Transitions between our paragraphs and chapters create a cohesive and comfortable reading experience for our readers!
- Create relationships between ideas
- Give the reader directions on how to piece together information in a logical way
- Can encourage the reader to think and react in a certain way to what you are writing
Transitions help readers understand how your story fits together and flows.
Signs you need to add more transitions into your writing
- When you read your work back (or someone else provides you with feedback) and the story feels jumpy, choppy or confusing.
- You have written the way you have thought – jumping around from bit to bit.
- You have written your story in bits and pieces and then pasted them all together and now it feels disjointed.
Organisation is key
The flow of your story depends largely on the structure of the parts that make it. It is important to take time to map out the structure of your story so that you can focus on including the information you wish to impart in the correct order.
Let’s look at an example for a solo book project. You may wish to include an Introduction on why you chose to write the book, the purpose and perhaps even a ‘how to use’ section. You will then break your book up into various chapters that are like neatly organised containers for your ideas, teachings, thoughts, etc. At the end of your book you may wish to include an Epilogue, a neat ending that ties a ribbon on your book as a whole. This can be followed by an ‘About the Author’ section, an Index, Acknowledgements, etc.
If you are writing a single, shorter piece of work (like a chapter in a multi-author book project) then you would need a beginning, a middle and an end (just the same as any story ever written or told). The beginning sets the time, place, scene for the whole story. As you transition from the beginning to the middle you will start to share the challenges and victories of the character in greater depth. As you transition from the middle to the end you will start to share lessons learned as a result of the journey and arrive at a conclusion, decision, closing thought – maybe even a call to action.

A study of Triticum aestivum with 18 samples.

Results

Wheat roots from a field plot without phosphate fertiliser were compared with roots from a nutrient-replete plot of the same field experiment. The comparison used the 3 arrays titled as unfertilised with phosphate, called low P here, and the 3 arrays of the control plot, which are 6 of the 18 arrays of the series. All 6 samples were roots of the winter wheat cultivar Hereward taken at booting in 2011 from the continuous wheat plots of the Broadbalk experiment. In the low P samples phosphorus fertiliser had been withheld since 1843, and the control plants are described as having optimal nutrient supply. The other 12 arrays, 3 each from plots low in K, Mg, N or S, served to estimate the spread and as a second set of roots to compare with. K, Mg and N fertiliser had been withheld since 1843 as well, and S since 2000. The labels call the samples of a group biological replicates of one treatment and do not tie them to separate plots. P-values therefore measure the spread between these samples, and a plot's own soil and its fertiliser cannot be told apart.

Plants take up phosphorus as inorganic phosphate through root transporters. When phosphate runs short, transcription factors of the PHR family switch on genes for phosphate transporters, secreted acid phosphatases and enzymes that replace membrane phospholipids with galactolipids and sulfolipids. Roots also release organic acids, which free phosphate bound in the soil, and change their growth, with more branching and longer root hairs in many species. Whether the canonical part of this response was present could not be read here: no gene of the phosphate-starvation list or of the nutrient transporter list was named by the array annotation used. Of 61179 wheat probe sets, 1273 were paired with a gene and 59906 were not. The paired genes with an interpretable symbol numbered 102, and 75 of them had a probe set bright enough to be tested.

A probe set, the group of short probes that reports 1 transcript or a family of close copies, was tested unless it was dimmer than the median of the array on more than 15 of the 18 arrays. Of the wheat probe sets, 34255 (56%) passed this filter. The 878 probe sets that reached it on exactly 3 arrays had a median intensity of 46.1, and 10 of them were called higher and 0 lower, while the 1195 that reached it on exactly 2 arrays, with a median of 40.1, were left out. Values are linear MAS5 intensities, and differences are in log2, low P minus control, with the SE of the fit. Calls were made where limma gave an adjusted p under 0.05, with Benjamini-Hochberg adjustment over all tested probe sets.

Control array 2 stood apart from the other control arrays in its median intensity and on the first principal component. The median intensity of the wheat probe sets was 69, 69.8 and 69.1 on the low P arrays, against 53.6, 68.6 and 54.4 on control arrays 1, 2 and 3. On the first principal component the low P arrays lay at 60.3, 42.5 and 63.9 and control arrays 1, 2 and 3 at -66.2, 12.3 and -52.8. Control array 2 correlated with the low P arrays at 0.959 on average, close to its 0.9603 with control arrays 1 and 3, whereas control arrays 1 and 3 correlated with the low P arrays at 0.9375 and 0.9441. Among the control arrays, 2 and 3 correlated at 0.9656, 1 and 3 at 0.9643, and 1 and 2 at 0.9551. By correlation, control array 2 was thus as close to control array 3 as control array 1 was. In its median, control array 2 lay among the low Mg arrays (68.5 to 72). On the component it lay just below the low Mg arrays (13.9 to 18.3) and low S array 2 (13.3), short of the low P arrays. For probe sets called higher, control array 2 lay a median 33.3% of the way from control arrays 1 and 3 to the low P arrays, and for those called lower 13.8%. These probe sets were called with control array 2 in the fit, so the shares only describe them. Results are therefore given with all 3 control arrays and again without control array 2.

There is no substitute for clear organisation. Transitions make your story easier to follow.
Many kinds of transitions exist, and they can be made up of a single word, a sentence or a whole paragraph.
The transition has two jobs. The first is to imply a summary of the piece of writing before it or to directly summarise the content. The second is to guide the reader to anticipate what is coming up.
- Transitional paragraphs – these may be necessary in longer pieces of work. Transitional paragraphs summarise the information the reader has just received before preparing them to move on to the next.
- Transitional sentences – these can be used when you have done an excellent job of organising your writing into clear and logical paragraphs. Transitional sentences guide the reader from one paragraph to another. They can be at the end of the first paragraph or at the beginning of the next.
- Transitions within the same paragraph – these act as signposts for the reader to guide them to anticipate what is coming up. Within paragraphs these transitions tend to be short sentences or single words.
Transitional words and phrases
In order to successfully add transitions into your work you will need to identify which words will best show your reader the logical flow you wish to share.
Some examples of transition words are:
- For example
You will need to ensure that you vary the transition words that you use in your writing so as not to make it repetitive for the reader.
Take the time to think about the best transitions for each piece that will help move your readers through the flow of your writing.